Sending your child off to university is a daunting time, particularly if this is the first of your children to go to university. It’s only natural that you’ll have a lot of questions and you’ll want to know that your child is going to be safe, happy, and have enough money to survive during their three or four years at university.
For the majority of students this is the first time they’ve lived away from home and been responsible for paying their own bills, managing their money, feeding themselves, and all of the other tasks involved with living independently.
Whilst you’re only at the end of the phone, your child could be moving hundreds of miles away, so the practical help you can give could be limited.
Luckily there should be plenty of support available, both financial in the form of loans, and from the university to help their students overcome the challenges of independent living for the first time.
Here’s more about the support that is generally available for students living away from home:
One of the biggest worries that students have about their children living away from home for the first time is how they’ll manage their finances and how short on money they’ll be.
First things first, accept that at some point your child is going to find themselves cash strapped. Learning to be financially responsible can be a steep learning curve, but it’s something all students have to go through and there is support they can get to make their financial situation a little better.
The most common type of financial support comes in the form of tuition fee loans and maintenance loans. Tuition fee loans are paid directly to the university and cover the full cost of your child’s tuition.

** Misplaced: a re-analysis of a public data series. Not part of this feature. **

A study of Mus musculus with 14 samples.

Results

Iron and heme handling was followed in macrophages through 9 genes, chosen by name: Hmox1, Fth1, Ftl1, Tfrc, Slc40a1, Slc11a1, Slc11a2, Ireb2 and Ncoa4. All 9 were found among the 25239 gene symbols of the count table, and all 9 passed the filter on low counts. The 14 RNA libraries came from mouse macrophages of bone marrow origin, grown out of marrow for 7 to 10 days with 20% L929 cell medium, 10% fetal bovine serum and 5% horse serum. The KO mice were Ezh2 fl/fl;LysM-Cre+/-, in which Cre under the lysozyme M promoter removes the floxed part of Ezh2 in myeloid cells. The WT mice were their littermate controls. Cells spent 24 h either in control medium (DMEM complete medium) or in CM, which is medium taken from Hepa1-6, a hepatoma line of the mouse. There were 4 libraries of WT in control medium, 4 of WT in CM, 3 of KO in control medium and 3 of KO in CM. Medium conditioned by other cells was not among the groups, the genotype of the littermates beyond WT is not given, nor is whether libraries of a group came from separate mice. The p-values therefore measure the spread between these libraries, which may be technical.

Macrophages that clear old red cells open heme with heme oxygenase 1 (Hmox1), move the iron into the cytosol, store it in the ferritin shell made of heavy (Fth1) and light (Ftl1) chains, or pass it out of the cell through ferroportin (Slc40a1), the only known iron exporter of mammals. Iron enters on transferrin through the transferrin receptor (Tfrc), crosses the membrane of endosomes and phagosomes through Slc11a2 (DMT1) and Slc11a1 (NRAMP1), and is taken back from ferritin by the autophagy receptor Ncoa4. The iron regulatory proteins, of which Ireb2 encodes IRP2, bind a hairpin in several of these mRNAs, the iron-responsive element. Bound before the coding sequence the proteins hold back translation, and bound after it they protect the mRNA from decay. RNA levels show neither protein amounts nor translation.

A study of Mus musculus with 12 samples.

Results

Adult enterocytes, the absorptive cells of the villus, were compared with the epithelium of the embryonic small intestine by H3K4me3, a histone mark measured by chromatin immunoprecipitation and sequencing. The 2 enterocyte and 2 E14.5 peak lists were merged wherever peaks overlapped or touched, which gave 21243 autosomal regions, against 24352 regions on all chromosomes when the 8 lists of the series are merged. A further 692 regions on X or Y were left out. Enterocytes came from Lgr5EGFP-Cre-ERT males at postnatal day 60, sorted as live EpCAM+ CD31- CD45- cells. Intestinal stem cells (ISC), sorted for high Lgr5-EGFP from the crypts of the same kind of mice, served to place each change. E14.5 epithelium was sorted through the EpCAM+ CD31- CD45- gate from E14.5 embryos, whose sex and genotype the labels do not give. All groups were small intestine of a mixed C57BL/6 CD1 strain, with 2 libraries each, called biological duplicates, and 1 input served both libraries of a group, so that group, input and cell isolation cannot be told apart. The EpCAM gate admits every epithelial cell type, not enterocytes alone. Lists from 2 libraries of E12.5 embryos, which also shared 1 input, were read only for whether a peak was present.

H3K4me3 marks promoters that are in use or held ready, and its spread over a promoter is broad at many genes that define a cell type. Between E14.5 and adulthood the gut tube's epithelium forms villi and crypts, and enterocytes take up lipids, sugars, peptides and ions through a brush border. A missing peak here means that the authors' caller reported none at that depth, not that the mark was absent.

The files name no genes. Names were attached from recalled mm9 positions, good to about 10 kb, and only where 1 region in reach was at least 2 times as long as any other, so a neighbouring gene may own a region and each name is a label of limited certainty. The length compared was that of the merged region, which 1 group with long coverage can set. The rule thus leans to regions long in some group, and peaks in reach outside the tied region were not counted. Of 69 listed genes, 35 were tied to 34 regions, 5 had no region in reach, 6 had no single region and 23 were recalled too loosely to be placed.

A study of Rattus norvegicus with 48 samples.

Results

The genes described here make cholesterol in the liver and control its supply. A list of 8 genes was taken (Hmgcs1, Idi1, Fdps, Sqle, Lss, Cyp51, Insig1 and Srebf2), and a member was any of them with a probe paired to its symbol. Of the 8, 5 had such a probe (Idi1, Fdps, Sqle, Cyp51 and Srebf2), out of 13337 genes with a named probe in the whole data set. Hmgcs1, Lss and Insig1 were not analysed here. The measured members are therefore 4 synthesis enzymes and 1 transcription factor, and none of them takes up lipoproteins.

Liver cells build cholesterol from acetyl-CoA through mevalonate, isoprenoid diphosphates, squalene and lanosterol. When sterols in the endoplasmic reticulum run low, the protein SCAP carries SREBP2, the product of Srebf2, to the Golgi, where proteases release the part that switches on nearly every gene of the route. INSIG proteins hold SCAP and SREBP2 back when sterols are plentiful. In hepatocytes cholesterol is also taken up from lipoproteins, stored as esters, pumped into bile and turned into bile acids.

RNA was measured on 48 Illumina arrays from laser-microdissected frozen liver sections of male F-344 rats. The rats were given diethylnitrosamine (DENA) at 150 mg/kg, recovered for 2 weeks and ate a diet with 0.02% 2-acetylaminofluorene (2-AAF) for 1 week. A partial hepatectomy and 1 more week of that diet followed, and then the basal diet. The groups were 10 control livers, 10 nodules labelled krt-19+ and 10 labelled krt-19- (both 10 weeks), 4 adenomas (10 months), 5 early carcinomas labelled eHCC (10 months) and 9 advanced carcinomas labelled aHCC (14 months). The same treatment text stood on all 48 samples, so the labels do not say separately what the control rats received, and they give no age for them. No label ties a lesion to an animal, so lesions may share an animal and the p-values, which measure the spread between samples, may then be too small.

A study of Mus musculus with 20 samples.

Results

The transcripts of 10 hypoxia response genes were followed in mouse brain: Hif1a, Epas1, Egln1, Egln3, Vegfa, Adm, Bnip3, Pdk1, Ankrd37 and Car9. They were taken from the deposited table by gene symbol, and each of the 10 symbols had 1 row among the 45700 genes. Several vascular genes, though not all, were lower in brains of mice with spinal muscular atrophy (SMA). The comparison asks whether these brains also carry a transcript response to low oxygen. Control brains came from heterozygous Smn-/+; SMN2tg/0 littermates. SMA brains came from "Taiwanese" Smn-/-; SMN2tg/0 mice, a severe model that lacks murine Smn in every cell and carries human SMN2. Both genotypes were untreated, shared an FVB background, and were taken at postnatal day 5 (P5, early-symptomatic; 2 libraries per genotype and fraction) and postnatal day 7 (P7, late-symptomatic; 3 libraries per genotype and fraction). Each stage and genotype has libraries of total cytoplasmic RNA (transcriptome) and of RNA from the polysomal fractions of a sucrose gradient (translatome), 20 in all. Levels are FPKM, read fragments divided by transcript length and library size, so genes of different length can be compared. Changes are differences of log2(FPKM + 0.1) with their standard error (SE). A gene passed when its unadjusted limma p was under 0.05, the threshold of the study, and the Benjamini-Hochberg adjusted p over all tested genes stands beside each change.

A maintenance loan is designed to cover the cost of accommodation and other living costs that students living away from home have. If your child is going to be studying in London then they’ll get more money to reflect the higher cost of living in the capital city.
If your child comes from a home with a low household income then there may be other financial support available from their university or college in the form of grants and bursaries.
Universities also recognise that some students may be managing their own finances for the first time and so they’ll have a finance team on campus that can give advice on budgeting and other financial issues. The university may also be able to give small loans to students who find themselves in dire financial straits, but they’ll encourage students to manage their money effectively to try and avoid this situation.
Aside from finances, there are many other things students require support with and all universities are set up to be able to provide this.
All universities in the UK will have an accommodation team who can provide support to students living both on campus and in privately rented accommodation.
Universities will also have a pastoral care team that can help students with emotional health and wellbeing issues. University nurses are on site for minor ailments and issues, and students are encouraged to sign up with the local doctor as soon as they arrive to deal with bigger medical issues.
University can be a stressful place, especially as a first year student, and universities recognise that looking after your mental health is key to being successful in your education. All universities will have some form of counselling service to enable students to talk through their issues in a safe, confidential environment.
Universities are designed to get students through their studies, they don’t set their students up to fail.
Remind your son or daughter to seek help from the academic staff if they find themselves struggling with the course content or workload.
University education is a big leap from college or sixth form education, with a far greater emphasis placed on independent learning, but that doesn’t mean that there isn’t help available if a student needs it.
Lecturers and personal tutors will be only too happy to talk through the work and give advice on how to tackle the academic challenges set. Encourage your child not to be afraid to speak up when they’re finding something hard and to talk to someone before they find themselves really falling behind.